March 3, 2011 — -- Just about everyone knows that Charlie Sheen is a "total bitchin' rock star from Mars." But what does that mean for his children?
While his ex-wife Denise Richards maintains full custody of their two daughters, until recently, Sheen's twin boys had been living with him and his "goddesses" -- girlfriends Bree Olson and Natalie Kenly -- at his Mulholland Drive mansion. Late Tuesday, Sheen's estranged wife, Brooke Mueller, obtained a restraining order against Sheen and forced him to hand over the boys to her.
Sheen claims he's a fine father but refused to elaborate on his parenting skills in an interview with ABC News' "20/20." While Mueller lacks his manic approach to life, she shares his problem of substance abuse (she went to rehab last year). Given that, what's best for the children?
"The drug and alcohol issues with both of them are relevant in terms of what's in the best interests of the children," she said, "but the reason that she sought the order really appears to be the threats of violence."
In documents filed in Los Angeles Superior Court Tuesday, Mueller calls Sheen insane, claims that he threatened to stab her in the eye with a pen knife, and said "I will cut your head off, put it in a box and send it to your mom" if she tried to take back their 23-month-old sons. According to Mueller's restraining order, Sheen must stay at least 100 feet away from her and their sons pending a March 22 court hearing.
A California family law court will determine what custody arrangement is best for toddlers Bob and Max, but Allred noted that with both parents' history of alcohol and drug abuse and Sheen's past displays of violent behavior (he was arrested for allegedly brandishing a knife at Mueller in 2009 and was convicted of battery with serious injury in the Ashland case), there are no easy decisions.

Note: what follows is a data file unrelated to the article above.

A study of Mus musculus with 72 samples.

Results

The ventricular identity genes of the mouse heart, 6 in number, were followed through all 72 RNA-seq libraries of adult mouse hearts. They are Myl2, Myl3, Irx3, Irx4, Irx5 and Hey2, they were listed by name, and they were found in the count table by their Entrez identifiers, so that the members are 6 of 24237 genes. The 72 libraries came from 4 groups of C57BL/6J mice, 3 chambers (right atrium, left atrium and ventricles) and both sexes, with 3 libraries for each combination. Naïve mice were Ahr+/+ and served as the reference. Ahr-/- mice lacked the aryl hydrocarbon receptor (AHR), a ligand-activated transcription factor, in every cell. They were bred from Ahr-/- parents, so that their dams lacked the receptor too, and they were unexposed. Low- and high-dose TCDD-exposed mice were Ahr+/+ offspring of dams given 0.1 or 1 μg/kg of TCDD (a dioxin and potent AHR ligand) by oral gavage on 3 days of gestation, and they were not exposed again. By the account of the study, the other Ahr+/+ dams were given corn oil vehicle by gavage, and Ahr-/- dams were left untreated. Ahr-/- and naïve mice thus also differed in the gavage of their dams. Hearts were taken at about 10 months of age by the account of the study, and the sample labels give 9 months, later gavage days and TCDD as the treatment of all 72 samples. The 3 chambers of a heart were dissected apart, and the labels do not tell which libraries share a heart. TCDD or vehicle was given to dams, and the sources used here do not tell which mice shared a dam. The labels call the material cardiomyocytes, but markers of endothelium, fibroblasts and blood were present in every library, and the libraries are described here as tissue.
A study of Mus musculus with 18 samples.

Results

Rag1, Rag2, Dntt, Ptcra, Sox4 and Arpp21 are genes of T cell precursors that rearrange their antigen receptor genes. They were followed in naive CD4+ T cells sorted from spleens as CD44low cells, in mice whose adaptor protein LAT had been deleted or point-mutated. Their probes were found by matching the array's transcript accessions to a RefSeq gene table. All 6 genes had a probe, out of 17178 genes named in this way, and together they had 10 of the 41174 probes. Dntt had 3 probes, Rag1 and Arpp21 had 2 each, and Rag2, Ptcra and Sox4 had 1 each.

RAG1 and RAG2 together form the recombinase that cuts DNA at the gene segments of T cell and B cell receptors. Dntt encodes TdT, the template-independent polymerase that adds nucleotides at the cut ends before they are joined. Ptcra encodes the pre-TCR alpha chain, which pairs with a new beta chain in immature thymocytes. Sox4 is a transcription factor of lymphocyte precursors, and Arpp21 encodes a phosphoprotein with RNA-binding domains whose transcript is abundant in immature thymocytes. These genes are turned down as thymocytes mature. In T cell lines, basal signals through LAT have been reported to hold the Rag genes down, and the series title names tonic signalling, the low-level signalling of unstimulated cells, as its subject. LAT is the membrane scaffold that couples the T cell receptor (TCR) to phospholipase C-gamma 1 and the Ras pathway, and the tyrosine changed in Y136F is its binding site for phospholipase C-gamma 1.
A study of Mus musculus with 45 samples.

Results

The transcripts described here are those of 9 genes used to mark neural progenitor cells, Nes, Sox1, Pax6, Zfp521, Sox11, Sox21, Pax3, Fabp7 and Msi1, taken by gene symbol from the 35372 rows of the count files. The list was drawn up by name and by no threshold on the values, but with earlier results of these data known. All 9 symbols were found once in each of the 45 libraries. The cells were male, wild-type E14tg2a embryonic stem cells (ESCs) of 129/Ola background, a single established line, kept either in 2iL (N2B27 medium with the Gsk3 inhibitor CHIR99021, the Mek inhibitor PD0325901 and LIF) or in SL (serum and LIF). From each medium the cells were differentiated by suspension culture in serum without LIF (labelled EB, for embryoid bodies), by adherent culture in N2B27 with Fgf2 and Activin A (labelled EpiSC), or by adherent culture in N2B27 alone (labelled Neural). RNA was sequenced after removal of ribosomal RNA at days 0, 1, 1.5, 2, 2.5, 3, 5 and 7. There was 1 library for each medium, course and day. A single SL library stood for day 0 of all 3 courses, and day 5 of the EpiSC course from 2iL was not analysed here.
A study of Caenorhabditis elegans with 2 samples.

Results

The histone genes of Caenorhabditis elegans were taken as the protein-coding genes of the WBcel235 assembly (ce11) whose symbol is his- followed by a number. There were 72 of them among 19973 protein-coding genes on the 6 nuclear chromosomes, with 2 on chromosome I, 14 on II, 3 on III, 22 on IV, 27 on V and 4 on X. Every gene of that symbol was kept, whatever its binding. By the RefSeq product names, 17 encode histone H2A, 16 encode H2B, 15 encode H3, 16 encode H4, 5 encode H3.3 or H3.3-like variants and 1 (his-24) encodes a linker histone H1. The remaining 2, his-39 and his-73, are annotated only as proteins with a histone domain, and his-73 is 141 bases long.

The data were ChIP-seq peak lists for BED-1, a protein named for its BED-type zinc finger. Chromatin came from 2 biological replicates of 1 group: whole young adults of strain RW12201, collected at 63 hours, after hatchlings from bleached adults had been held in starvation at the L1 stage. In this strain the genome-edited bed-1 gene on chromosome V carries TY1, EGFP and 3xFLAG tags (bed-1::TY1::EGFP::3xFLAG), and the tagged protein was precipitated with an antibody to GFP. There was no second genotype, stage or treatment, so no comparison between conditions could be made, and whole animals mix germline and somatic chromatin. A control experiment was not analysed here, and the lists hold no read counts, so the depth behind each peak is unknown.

"If there is an ongoing family law proceeding, which there is now, child protective services will be interested in the outcome and might monitor it," Allred said. "The fact that he has had both drug and alcohol issues and a problem with violence is definitely going to come into play."
Though Allred noted the chances are slim, she said Bob and Max could be taken out of the hands of their parents altogether.
"If the court would find that neither of them are fit to have the children, the court might decide that a relative -- like his parents or her parents -- should become the guardians of the children," she said.
Allred added that because Sheen's been so vocal about his recent drug use in interviews this week, a judge may also require that he enroll in a traditional rehab program or take periodic drug tests if he wants unmonitored visitation with his children.
Still, somehow, Sheen doesn't think this mess will affect his kids' opinion of him in the slightest.
"They'll wake up one day and realize how cool dad is," he told "20/20." "And, you know, signs all the checks on the front, not the back. And you know, we need him and we need his wisdom and his bitchin'-ness."